After Blackpool’s impressive win over Scunthorpe a couple of weeks ago, it was such a shame that the Seasiders succumbed to a relatively late goal away from home against top of the table Gillingham.
The general feeling was that a draw would have been a fair result and that would have given the boys something to build on, but they now have to pick themselves up for a tricky home fixture against Barnsley, who have underperformed so far this season but have some good players at League One level.
I have been impressed by the signing of Martin Paterson this week. He’s always looked really sharp when I’ve played against him down the years and at 28 is still a good age. My only concern is that he’s similar in stature to Jack Redshaw and Mark Cullen.
On Sunday afternoon, I had the wonderful opportunity to relive my footballing days. I’ve probably taken part in three matches since retiring and all with limited success (a bit like my career).
I put a career of injuries to the back of my mind as I drove to Thornton FC to play for Blackpool FC ‘Legends’ against Fleetwood Town ‘Legends’. I allowed myself to have a little dream that I’d play and my body would feel great and maybe, just maybe, I could make a comeback!
I tried to block out my wife’s last words to me as I left the house, “Don’t go crippling yourself. You’ve got school tomorrow!”
I arrived at the ground with that nervous excitement inside me. Even my children had come to watch in their Tangerine kits.
I had explained to them that they should try to lower their expectations of their daddy, but they weren’t having any of it.
The first issue was that we barely had enough players to make a full team and the other issue was the youthful look of Fleetwood Town’s team. I glanced to my side and with just 30 minutes until kick-off fellow player Mike Davies had just started his third pint!
Stepping into the changing room was just like going back a few years. Banter was flying around, most of it coming from the highly entertaining Davies and as usual there was quite a lot aimed at Danny Coid. Derek Spence (our gaffer) approached me and asked for a quiet word.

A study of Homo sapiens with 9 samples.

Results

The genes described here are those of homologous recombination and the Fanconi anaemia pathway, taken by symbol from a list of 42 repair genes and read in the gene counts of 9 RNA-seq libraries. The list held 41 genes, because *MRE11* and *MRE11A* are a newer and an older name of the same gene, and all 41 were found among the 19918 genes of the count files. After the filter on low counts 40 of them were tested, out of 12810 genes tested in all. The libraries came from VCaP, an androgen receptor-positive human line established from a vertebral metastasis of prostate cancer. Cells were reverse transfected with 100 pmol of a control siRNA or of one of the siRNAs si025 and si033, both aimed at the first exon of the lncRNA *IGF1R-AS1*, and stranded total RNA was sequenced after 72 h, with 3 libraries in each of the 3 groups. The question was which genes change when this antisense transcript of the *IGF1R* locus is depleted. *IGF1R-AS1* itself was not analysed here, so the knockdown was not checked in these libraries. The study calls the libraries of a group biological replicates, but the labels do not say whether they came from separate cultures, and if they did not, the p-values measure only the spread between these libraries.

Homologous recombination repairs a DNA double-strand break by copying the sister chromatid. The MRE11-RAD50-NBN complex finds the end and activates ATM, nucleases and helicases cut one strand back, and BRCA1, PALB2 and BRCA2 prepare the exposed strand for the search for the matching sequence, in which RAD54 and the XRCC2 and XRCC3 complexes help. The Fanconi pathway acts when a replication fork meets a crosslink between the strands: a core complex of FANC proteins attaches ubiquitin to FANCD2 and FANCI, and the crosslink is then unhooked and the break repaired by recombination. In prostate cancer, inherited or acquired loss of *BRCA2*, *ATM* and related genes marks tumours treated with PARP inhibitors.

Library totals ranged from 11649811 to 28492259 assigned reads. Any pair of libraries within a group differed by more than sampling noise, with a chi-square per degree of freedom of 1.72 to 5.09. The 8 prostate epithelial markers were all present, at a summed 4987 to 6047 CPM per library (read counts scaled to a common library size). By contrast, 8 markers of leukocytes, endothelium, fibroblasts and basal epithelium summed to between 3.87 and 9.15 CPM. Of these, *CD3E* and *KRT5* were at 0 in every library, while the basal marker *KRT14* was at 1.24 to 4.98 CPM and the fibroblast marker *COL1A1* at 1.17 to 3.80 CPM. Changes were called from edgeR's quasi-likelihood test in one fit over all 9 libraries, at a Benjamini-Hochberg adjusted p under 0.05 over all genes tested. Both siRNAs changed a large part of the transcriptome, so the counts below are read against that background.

Surely he wasn’t going to tell me that I was sub and Mike Davies was going to play ahead of me once he’d finished his pint!
Luckily, I was still in the starting 11 but we had Andy Preece, John Murphy and myself to play up front (combined height of about 19ft) and no centre-halves. I was the chosen one to play alongside Ciaran Donnelly at the back.
It can’t be that hard, I thought. Evo always used to make it look quite simple!
The game started well, with a timeless David Eyres and Phil Clarkson dominating midfield, and John Murphy and Andy Preece making darting runs like big Tangerine ‘red arrows’.
The left-back playing just next to me was 50 years old and, if I’m honest, I wasn’t expecting too much from him.
How wrong was I? Brian Butler was his name and he was unbelievable. Up and down the pitch like an old Roberto Carlos, he nutmegged three people and even did an overhead kick (as well as covering for my limping self). What happened next was inevitable, I’m afraid.
I blocked a shot with an outstretched leg, then tried to get to my feet and realised my knee was clicking and I could barely run. A few pats on the back from my team-mates and the adrenaline of actually contributing helped me get through the next 90 minutes and a 4-3 win. This may have been a friendly but there was no denying the desire to win of every player on both teams.
Even though I’ve ended the week on crutches due to a swollen knee (special thanks to all at Blackpool Vic hospital), and my chances of a comeback have been diminished, I still enjoyed the day and the experience of playing with some true legends.
More important, we managed to raise some money for Billy Ronson and Iain Hesford.